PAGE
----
Kim Addonizio is one of the bestselling contemporary poets in America, and she does so by staying out of the academic grinder. The result is that she’s not only read by the coastal literati, but also keeps the “street cred” of outsider poets, from where she first gained notoriety. The result, once again in her new collection Now We’re Getting Somewhere, is gutsy poems that are also funny and accessible.
Addonizio is also an essayist (Bukowski in a Sundress) as well as a writer of short fiction (most recently The Palace of Illusions), with two nonfiction books on and about the writing process, Ordinary Genius and (with Dorianne Laux) The Poet’s Companion. But she’s known as a poet. She invokes many of her influences by name in Now We’re Getting Somewhere: Plath, Sexton, Colette, Woolf, maybe especially Dorothy Parker, with whom Addonizio shares a cynical, sarcastic, dark humor, displayed in her homage to Parker, “Resumé,” (after the famous Parker poem of the same name):
Families shame you;
Rehab’s a scam;
Lovers drain you
And don’t give a damn.
Friends are distracted;
You’ll soon be distracted;
You might as well drink.
Addonizio describes her poetry in the poem “All Hallows” as “laying a golden sheen over the paper, inviting people in/to the dirty gas station bathroom of your performative loneliness.” Although Addonizio is perhaps a little hard on herself, and “confessional’”poetry, fans love her for the poems about love and desire and how love and desire finally don’t work. Or how they can’t live up to our expectations, or life circumstances (like in Jimmy & Rita). In Now We’re Getting Somewhere though, while all that’s in full force, Addonizio is now looking at the bigger picture, to politics and the world. What she sees is not good, and while these poems were probably mostly written during the Trump years, there’s only one vague mention of him, and not by name. Instead, these poems of despair seem to fit perfectly under the Biden administration where, and as she writes in the end of “Signs,” “everything is going to change for the worse.”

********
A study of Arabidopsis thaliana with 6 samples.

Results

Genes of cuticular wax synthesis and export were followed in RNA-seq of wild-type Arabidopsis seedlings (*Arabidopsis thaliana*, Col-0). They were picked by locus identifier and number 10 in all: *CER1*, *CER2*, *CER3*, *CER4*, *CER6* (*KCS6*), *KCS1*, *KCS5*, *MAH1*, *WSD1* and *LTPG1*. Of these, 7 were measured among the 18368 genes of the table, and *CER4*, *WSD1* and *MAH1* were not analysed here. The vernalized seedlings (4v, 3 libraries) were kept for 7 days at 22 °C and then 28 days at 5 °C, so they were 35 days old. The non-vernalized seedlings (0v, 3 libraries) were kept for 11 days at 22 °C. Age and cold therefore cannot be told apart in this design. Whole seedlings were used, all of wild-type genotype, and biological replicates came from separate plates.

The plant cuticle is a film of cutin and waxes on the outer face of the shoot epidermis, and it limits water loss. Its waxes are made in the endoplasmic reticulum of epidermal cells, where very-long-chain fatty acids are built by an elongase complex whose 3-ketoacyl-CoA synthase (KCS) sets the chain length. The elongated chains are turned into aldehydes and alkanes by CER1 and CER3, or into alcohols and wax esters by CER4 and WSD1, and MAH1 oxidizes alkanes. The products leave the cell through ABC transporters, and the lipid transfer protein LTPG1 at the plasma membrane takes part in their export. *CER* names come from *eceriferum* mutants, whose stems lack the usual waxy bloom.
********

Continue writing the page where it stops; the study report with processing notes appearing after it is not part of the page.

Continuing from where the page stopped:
Addonizio captures the despair many poets and writers must feel these days: how to respond to world events in which no one feels they have much control. Addonizio enters into the field of ecopoetics: not “nature poetry,” but poetry about the human effects on nature, like in these excerpts from “The Earth Is About Used Up”:
like a sodden tampon & no place to throw it away
like an armpit-yellowed vintage blouse with see-through pearl bubble sleeves
like a tissue travel pack in a foreign bathroom & you have to squat over a
hole in the floor
The earth is about used up, is the point I’m trying to drunkenly steer
through the potholes streets
into the suburban garage of your ears
though you probably already know what’s up with the earth, but I am
telling you because....
Even the ocean is gasping for air
while someone smokes a cigarette through their throat-hole
& sodas go flat in the heat....
I’m standing on that box with my teeny megaphone, bringing you the news
wildly virtue signaling waving my mortal handkerchief dropping it at your
where it burns it burns here I don’t want it you take it please you take it
I love Addonizio’s dig at liberal “virtue signaling” which is a political critique of those stressing the importance (or, pretending to) of focusing on “social justice” in politics and the media. The result is that meanwhile “the ocean is gasping for air” and no one cares. Or, if some of us care, it’s not part of the media narrative.
That’s about as overt, politically, as Addonizio goes, for now. Though surely the connections are here in Now We’re Getting Somewhere: world events, climate catastrophe, affect our lives, in large and small ways, and therefore our relationships. The book title is sarcastic: we’re not getting anywhere, neither in the microcosm of relationships, or in the macrocosm of politics. Poetry may or may not be a “tiny megaphone” for either scale, or even offer solutions, but Addonizio is modeling a way to think about them as interrelated. We all think that we don’t want to be up on the box “bringing you the news” but as Addonizio demonstrates, we have a choice.